A clinician I consult with asked me a question. I asked him if I could post his question and my reply (without confidential information).
“I know you have worked a lot with students so I have a couple of questions for you regarding a current client. He is in elementary school and came in for “anger issues.” He seems to be disruptive at school a lot, gets in trouble, and is also known as a bully around the school. Any thoughts on working with a kid with anger issues.”
First, when I see “anger” in one child in the family, I rarely see him in isolation, because he can then become the scapegoat. Even if he is the “bad” kid in the family, he’s reacting to something within the family. I’ve tried a number of things, if the family is willing to do a family session “to help” him, you may get some insight into the family dynamics. You could do it and tell the parents that you want to see how the youth reacts.
Within the family session, I would do a few experiential activities.
Second, when I am seeing someone that is younger, I usually keep the parents in for all or part of the session. Often the parents have not set clear boundaries and need to improve their own parenting abilities. Also, it makes it a “family issue” not a “whatever the kid’s name is- issue”. By session 3-4 I usually try and complete a treatment plan that outlines the specific behavior that we’ll work on. For example (I’m going to use the name “Mikey” for the kid’s name):
Treatment Plan Ideas
Mikey will follow his parent’s instruction the first time without stomping his feet, rolling his eyes, or other behavior that is considered “inappropriate” by the parents.
Steps toward change:
1. Parents will seek to clearly define when a behavior is inappropriate using phrases such as, “Mikey, you are stomping your feet and crying when I asked you to take out the garbage.” This will assist in helping Mikey to learn specific behaviors that comprise “angry behavior.”
2. Parents and Mikey will create a system with therapist for him to excuse himself when he feels that he is getting upset. Within therapy, times/places will be defined to help Mikey know when/where it is appropriate to use this system.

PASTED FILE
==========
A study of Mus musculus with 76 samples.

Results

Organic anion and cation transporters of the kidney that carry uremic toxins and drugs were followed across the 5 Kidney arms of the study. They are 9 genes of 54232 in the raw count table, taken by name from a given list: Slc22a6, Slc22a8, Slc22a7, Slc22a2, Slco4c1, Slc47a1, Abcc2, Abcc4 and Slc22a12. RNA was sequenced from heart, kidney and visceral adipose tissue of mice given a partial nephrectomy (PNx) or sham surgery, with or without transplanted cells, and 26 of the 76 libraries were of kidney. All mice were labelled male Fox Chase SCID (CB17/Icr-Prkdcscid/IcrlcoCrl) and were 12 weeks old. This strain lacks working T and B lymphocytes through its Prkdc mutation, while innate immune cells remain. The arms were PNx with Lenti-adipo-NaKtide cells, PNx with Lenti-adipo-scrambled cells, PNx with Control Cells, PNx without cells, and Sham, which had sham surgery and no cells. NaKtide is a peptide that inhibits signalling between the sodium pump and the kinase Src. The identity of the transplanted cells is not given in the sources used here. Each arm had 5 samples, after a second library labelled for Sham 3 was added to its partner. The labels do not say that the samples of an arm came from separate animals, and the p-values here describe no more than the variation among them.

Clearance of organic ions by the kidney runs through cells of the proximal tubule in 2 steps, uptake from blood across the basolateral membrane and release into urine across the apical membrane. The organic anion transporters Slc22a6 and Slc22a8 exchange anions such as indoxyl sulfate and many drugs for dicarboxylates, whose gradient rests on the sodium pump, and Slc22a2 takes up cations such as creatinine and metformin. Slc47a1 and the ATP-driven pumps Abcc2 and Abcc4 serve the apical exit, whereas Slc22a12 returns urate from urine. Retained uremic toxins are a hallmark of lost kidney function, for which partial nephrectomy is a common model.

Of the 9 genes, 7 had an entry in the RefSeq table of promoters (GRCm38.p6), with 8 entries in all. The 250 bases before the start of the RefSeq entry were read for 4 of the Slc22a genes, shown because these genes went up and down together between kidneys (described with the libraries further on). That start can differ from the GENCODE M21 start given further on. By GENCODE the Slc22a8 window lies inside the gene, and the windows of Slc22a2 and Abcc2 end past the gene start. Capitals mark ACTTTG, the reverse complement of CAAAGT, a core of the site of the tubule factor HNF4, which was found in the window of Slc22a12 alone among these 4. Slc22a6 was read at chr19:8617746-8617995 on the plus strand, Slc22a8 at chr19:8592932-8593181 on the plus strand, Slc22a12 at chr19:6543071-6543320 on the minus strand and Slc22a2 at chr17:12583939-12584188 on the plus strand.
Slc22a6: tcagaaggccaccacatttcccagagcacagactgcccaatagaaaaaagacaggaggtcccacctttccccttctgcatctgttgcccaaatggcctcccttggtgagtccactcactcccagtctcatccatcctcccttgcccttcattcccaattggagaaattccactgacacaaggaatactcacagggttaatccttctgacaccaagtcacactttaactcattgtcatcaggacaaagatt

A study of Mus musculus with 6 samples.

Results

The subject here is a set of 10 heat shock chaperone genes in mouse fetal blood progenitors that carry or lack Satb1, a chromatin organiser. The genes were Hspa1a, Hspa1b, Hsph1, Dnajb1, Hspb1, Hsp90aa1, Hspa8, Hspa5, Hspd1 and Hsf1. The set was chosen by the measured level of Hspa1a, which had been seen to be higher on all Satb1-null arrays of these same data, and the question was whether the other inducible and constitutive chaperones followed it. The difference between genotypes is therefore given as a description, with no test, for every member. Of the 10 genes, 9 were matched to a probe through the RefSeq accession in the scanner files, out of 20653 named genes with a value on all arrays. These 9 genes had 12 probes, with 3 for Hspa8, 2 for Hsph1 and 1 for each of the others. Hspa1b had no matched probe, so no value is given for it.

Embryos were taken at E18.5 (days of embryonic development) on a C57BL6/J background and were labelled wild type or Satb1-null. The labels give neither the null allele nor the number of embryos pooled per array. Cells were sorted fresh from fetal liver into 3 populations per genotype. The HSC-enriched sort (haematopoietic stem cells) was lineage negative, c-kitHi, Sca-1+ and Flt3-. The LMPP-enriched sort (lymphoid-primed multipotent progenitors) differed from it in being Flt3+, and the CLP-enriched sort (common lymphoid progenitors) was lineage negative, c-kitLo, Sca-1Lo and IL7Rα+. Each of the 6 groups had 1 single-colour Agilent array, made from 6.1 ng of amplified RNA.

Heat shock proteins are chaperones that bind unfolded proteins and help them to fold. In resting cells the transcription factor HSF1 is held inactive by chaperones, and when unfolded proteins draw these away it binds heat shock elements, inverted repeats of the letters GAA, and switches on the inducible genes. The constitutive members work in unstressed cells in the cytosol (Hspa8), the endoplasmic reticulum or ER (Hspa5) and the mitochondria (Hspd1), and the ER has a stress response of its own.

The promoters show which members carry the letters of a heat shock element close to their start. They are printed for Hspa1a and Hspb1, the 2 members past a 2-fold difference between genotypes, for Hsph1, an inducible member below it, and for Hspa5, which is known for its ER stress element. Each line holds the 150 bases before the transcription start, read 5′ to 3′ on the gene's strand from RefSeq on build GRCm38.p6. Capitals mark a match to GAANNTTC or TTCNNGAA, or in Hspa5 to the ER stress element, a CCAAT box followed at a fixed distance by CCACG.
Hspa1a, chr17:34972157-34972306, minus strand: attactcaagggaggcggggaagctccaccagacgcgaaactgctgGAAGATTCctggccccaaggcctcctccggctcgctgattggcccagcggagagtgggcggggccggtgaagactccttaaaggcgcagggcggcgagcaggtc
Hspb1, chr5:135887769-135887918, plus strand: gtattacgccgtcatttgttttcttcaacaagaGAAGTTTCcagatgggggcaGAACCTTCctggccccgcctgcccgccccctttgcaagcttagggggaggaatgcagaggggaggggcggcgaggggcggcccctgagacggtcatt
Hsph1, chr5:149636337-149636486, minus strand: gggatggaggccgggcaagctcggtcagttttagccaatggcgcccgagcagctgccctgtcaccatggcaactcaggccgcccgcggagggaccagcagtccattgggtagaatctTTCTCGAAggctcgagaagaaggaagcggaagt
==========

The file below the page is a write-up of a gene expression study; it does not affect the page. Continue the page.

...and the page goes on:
3. Mikey will learn self soothing behaviors within therapy and track them outside of therapy through a worksheet provided by the therapist.
4. A nightly family meeting will occur for the weeks between sessions (until determined otherwise by the parents and therapist) where the parents describe two positive behaviors and one negative behavior of each child.
5. Parents and the therapist will create a behavior system that creates a family-wide system that includes a Job Jar for negative behavior and a Prizes Menu for positive behavior. This will be a family-wide intervention.
6. Mikey will think about specific behaviors that he wants to work on and discuss with therapist.
7. Within therapy, therapist will facilitate family activities to help identify Mikey’s triggers and ways that other family members can support him better.
Progress will be reviewed in each session, but on 7-20-12 the appropriateness of this goal will be reviewed as a family with therapist.
Then I say, “Now we’re all going to sign this. By each of us signing, we’re saying that we are going to work as hard as we can to meet these goals. I (therapist) am going to get resources and come prepared, your parents are going to work hard to help make the right choices easier for you and teach you what behaviors they want you to change, and you’re going to work hard at changing how you react when you are angry.”
In each Treatment Plan I usually only have 1-3 goals. I would rather see clear progress on one goal, than have 3 and lack focus. I hope that helps!
Joseph R. Sanok, MA, LLP, LPC, NCC is a therapist, counselor, psychologist, and owner of Mental Wellness Counseling www.mentalwellnesscounseling.com in Traverse City, MI. He helps angry kids, frustrated parents, and distant couples…and just about everyone else. He is a frequent speaker in the Traverse City area, Michigan, and nationally. He helps counselors in private practice through his blog www.PracticeofthePractice.com and through individual consulting.